Running the Race of Life With Patience

Running the Race of Life With PatienceOnce, years ago, when I was feeling overwhelmed as a mother with three young children, I phoned an older and wiser friend for comfort. After I poured out my woes, she told me, “Dear, I just think you need to be more patient.” I nearly hit the roof!

Patient? I didn’t even like the word! Doesn’t being patient mean sitting around until things just somehow get better? I thought being patient meant being a wimp. To be told I should be more patient was not helpful. I swore I would never speak to my friend again.

I tried to shove the idea of patience aside completely.

The problem was I had always respected her counsel; that’s why I had phoned her. Maybe she knew what she was talking about. No, how could she possibly understand? I tried to shove the idea of patience aside completely.

It bothered me, though, when I realized that I didn’t really know what the word “patience” meant. Finally I looked it up. One definition is “to be calm under whatever circumstances.” Well, that wasn’t so bad. At least it didn’t say I had to wait.

The next day I took my three children to the library in our town in Hawaii. As we were leaving I noticed a Volkswagen Beetle (the original version!) parked next to our car. There were some young Hawaiian guys hanging around it, talking, and laughing. By the time I got my kids in our car, the guys had piled into theirs and had taken off.

At the end of the parking lot, both of our cars had to wait for the green light. When the light changed and the Bug drove through the intersection, I saw a tennis racket fall off its roof right into the middle of the road. Traffic was slow enough for me to jump out of my car and pick up the racket. I wanted to get it back to the guys as quickly as I could.

So the chase was on!

So the chase was on! But the Bug weaved in and out of several streets before I finally lost it. It was frustrating. It was also very hot and sticky. The air conditioning in my car was not working well enough to suit the kids, and they were getting cranky and impatient. Ah! That word. Impatient.

I pulled over into a parking lot to think. By now the Bug would be going over the mountain, heading towards Honolulu. I would never find it. Maybe I could put an ad in the paper, or…or…or. Too many ideas raced through my head. I had no idea what to do.

Then the thought came to me to be very calm.

Be calm, in spite of the fact that the kids were whining, it was hot and muggy and there was no quick answer?

I took my hands off the steering wheel and began to pray.

But I did it anyway. I took my hands off the steering wheel and began to pray.

Praying, to me, means listening to God. And it is a lot easier to hear Him when I’m quiet. Otherwise it would be like trying to hear someone on the phone when the TV is blaring in the background. The noise has nothing to do with the conversation, so we need to turn it way down, if not off.

In that calmness I felt God’s loving, intelligent presence, and I felt sure He would tell me what to do. Even though the kids were fussing I had tuned the noise out. I listened to God some more. In a minute or two the idea came to go back to the library. That made no sense to me, and I momentarily protested. But God had spoken and it felt so right to go.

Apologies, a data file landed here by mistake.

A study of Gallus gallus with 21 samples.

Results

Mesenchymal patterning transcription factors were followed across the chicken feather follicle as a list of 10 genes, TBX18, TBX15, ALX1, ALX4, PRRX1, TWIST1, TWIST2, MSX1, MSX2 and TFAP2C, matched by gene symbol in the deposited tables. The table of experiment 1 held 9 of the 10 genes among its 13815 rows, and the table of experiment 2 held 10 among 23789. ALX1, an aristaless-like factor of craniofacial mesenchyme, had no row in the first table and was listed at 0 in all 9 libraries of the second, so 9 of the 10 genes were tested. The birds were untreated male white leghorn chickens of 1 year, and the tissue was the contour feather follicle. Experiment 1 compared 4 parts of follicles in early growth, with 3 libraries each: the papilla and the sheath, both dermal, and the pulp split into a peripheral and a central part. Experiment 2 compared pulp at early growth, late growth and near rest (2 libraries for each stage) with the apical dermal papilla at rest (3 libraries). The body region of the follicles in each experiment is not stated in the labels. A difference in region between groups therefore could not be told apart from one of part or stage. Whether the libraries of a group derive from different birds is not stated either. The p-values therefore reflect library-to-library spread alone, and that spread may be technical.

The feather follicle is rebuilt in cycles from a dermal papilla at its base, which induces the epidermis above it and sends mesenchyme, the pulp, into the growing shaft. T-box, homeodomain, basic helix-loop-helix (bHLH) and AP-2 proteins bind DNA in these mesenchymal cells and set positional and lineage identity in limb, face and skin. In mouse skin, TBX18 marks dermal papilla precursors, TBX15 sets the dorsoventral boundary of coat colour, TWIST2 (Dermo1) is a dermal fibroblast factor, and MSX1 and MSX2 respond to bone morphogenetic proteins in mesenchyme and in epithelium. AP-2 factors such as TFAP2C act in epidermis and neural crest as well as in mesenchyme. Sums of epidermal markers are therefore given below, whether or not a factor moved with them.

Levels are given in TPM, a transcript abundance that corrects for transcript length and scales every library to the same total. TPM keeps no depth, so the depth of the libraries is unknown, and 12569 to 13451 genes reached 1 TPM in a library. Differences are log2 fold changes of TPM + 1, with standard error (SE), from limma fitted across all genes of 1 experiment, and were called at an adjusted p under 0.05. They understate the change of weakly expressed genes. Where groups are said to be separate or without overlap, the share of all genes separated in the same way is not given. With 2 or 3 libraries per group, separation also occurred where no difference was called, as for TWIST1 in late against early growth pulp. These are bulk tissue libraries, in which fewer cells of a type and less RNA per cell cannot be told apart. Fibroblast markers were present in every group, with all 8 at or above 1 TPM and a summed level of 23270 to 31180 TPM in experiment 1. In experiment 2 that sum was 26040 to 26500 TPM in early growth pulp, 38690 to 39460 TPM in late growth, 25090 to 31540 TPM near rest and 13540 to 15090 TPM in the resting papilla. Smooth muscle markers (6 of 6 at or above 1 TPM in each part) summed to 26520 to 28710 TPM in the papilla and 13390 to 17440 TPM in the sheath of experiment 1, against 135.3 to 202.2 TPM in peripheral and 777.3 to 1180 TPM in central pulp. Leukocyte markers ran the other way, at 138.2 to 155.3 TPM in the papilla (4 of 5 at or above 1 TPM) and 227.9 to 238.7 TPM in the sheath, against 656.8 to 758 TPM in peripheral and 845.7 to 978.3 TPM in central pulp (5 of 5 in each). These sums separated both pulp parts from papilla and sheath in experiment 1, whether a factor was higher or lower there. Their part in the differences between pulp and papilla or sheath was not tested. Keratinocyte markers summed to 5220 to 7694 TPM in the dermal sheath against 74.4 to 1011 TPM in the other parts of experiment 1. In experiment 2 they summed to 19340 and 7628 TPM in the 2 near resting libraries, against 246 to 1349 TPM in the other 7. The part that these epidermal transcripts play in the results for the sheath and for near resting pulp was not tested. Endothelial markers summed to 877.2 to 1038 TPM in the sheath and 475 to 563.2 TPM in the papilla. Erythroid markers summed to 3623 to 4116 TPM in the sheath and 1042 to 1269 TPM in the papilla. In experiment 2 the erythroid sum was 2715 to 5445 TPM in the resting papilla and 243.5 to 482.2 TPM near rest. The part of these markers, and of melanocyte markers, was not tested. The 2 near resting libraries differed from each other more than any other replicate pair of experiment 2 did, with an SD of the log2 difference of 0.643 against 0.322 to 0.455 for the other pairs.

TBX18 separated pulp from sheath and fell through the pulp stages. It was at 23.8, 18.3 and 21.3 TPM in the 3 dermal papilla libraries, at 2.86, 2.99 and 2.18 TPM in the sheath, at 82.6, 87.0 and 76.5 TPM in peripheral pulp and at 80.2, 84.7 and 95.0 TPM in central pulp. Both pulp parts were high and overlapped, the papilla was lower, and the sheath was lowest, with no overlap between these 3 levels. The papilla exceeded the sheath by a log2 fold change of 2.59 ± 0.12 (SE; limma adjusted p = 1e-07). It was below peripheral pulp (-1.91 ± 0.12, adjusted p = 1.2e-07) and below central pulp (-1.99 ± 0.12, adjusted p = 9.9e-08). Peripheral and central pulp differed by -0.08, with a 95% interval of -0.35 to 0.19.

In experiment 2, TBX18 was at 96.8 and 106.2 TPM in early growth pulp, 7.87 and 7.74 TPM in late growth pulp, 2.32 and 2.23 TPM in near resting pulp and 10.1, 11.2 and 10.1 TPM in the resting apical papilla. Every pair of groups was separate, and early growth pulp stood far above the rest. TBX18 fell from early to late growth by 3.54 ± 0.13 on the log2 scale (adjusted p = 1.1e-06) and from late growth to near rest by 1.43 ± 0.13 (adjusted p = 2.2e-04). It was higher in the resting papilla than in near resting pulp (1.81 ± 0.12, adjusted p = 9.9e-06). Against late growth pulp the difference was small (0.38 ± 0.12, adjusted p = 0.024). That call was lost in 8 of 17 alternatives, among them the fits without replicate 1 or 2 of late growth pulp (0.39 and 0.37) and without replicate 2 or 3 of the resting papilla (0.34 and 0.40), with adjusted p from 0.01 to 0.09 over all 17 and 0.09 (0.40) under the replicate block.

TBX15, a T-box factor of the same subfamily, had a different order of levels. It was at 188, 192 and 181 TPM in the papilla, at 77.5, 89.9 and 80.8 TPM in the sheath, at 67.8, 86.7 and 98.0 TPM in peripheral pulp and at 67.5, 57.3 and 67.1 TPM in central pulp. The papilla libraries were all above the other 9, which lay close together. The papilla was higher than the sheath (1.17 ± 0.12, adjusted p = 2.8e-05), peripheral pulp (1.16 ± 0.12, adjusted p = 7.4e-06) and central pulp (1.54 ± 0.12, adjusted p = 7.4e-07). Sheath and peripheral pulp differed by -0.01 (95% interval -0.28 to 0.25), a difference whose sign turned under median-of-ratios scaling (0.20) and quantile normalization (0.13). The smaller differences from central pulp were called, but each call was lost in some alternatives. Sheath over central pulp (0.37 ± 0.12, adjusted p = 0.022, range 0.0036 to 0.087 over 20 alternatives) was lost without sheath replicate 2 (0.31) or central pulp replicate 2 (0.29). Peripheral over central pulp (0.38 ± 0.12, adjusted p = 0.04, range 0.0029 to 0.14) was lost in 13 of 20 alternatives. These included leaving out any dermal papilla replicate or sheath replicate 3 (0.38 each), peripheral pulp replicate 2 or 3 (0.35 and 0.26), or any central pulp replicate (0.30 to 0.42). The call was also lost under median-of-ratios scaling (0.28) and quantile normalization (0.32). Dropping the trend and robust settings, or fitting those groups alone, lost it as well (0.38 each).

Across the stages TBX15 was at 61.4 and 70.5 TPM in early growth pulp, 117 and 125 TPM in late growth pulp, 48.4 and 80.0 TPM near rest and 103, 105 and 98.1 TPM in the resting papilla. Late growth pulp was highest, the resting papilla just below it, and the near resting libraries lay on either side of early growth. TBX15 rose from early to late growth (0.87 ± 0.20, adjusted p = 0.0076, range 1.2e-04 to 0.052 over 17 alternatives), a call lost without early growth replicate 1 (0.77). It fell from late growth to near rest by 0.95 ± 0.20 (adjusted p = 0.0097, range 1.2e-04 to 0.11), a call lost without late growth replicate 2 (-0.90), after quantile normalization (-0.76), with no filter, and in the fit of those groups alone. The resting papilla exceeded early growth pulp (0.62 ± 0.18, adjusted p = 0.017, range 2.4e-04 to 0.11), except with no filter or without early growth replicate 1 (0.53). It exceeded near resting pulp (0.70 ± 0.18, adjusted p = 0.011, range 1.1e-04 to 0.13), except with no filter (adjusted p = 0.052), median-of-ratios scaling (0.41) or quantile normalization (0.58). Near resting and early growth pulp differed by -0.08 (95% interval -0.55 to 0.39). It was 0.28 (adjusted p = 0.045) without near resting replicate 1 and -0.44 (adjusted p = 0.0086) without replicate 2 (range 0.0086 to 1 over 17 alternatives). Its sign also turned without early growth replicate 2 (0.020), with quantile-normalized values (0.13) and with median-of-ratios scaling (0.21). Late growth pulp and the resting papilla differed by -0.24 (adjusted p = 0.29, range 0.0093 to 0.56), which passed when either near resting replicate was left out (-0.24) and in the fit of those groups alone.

As we arrived, I saw that the same parking lot served both the library and the tennis courts. Of course! How could I have forgotten? I backed my car into a space and looked for an instructor who might know who owned the racket.

He thanked me with a big Hawaiian “aloha!”

Suddenly a car pulled up beside me. It was the Bug! He was looking for the lost racket. I handed it right to him. He thanked me with a big Hawaiian “aloha!” Then the Bug zipped away.

What a relief. I had really wanted to get the shiny new racket back to its owner. But what was more important to me was the lesson I had learned about patience. I didn’t begin to love the word overnight, but I had really gotten a glimpse of its importance.

I had often read something Paul says in the Bible, “Let us run with patience the race that is set before us.” That statement had always puzzled me. If patience means to sit back and wait, then how does one run with patience? But helping the guys in the Bug that day made it a little clearer.

First of all, no matter what the situation, it helps to be calm. This makes it easier to hear what the Divine is telling us. We may not always understand what we’re being told completely, but a prayerful calm helps us discern what feels right. Then, we follow. And before we know it, we find the solution, almost as if we had actually run straight to it.

In the years that followed of raising the kids through their teens, the word patience took on greater and greater significance. Very gradually I learned not to get upset but to be calm, avoiding many needless battles. And now that the kids are grown, I still find it invaluable to be calm, under whatever circumstances.

Calmness brings the answer.

I will never forget the feeling of calm I felt that day in the car. It had nothing to do with my surroundings. It wasn’t dependent on the children. And perhaps most importantly, it was not dependent on having the answer first. Being calm brings the answer.

My friend was so right. Patience is the answer.

Article by Sarah Nelson


    Thank you for reminding me to keep the focus on God, and pratice the fruit of the spirit – including patience.